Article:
November 7, 2008 12:40pm
 
This is from an article written by Peter Kreeft.
To understand Pascal's Wager you have to understand the background of the argument. Pascal lived in a time of great scepticism. Medieval philosophy was dead, and medieval theology was being ignored or sneered at by the new intellectuals of the scientific revolution of the seventeenth century. Montaigne, the great sceptical essayist, was the most popular writer of the day. The classic arguments for the existence of God were no longer popularly believed. What could the Christian apologist say to the sceptical mind of this age? Suppose such a typical mind lacked both the gift of faith and the confidence in reason to prove God's existence; could there be a third ladder out of the pit of unbelief into the light of belief?

Pascal's Wager claims to be that third ladder. Pascal well knew that it was a low ladder. If you believe in God only as a bet, that is certainly not a deep, mature, or adequate faith. But it is something, it is a start, it is enough to dam the tide of atheism. The Wager appeals not to a high ideal, like faith, hope, love, or proof, but to a low one: the instinct for self-preservation, the desire to be happy and not unhappy. But on that low natural level, it has tremendous force. Thus Pascal prefaces his argument with the words, "Let us now speak according to our natural light".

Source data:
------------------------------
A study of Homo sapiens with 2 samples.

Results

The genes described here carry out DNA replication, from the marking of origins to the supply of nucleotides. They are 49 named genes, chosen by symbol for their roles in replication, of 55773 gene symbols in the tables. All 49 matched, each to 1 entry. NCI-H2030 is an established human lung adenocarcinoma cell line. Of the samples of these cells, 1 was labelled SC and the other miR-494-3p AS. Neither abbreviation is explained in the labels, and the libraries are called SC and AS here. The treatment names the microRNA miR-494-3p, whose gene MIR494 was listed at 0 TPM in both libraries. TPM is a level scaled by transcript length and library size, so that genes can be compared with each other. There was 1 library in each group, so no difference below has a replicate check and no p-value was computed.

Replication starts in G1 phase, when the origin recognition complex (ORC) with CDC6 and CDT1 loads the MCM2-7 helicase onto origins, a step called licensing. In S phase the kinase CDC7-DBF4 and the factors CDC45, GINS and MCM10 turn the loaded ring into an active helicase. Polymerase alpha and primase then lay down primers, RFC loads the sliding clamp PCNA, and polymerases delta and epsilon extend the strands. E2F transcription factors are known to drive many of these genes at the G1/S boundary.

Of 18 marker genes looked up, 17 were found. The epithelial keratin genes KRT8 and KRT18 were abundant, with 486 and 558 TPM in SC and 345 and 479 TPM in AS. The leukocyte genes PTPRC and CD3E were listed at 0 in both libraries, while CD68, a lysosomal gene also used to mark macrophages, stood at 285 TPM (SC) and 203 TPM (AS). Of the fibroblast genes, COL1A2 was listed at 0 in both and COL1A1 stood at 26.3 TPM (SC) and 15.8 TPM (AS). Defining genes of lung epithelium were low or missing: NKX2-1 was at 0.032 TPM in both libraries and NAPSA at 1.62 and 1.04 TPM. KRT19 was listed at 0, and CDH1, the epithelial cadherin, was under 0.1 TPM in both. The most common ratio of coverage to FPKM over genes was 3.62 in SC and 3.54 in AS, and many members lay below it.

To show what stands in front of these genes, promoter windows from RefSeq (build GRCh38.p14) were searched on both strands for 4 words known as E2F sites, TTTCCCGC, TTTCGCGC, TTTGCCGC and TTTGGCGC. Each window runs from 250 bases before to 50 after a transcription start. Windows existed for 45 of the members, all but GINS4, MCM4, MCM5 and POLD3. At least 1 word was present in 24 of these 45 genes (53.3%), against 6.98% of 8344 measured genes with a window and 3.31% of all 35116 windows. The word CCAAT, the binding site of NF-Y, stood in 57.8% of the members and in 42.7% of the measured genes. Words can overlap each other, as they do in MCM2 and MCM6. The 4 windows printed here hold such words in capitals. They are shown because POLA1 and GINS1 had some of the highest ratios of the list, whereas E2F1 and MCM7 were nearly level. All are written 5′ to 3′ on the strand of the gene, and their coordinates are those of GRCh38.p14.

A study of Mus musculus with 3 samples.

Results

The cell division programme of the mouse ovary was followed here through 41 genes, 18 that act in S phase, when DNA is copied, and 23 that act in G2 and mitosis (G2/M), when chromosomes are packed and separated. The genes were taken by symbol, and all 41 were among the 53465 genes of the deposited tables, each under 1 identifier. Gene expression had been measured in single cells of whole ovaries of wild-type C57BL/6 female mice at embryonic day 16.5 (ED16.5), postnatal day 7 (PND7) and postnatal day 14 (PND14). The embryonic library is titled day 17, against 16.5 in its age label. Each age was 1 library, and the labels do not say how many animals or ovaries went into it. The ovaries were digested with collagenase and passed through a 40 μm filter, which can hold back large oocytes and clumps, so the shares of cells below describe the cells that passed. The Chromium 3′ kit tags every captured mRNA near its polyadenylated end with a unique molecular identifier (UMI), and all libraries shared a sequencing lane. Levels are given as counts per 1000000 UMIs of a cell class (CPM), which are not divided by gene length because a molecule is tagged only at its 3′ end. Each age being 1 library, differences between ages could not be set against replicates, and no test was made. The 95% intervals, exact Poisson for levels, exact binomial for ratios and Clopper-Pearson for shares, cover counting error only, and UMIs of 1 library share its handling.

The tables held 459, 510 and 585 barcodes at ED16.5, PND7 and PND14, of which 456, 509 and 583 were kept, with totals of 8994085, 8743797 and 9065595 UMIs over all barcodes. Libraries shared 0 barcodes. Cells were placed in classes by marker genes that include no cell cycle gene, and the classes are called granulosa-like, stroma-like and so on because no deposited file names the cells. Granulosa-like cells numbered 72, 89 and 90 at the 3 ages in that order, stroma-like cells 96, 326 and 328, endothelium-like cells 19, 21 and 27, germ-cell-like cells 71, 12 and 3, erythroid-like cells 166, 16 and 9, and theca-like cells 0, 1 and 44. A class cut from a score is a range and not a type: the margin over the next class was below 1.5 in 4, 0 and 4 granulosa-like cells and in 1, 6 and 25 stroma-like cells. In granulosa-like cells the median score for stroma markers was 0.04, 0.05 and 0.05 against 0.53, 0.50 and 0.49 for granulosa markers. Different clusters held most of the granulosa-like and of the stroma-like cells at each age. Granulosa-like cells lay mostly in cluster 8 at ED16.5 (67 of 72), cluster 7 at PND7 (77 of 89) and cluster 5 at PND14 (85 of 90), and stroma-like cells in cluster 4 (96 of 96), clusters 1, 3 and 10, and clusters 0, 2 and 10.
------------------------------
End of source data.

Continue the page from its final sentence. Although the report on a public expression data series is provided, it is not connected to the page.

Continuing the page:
Danniel, I have not seen the Zeitgeist Movie as of yet, but some time in the near furture I will watch it. However, I did visit the "Zeitgeist" web page and I read their "mission statement" and the one name that came to mind as I was reading it was the name of Karl Marx. I now have a question for you,have you ever bothered to pick up a commentary on the bible or maybe read a book about science not written by an athiest? Even if you are not convinced the information is true, at least it would give you a better understanding about what the enemy thinks.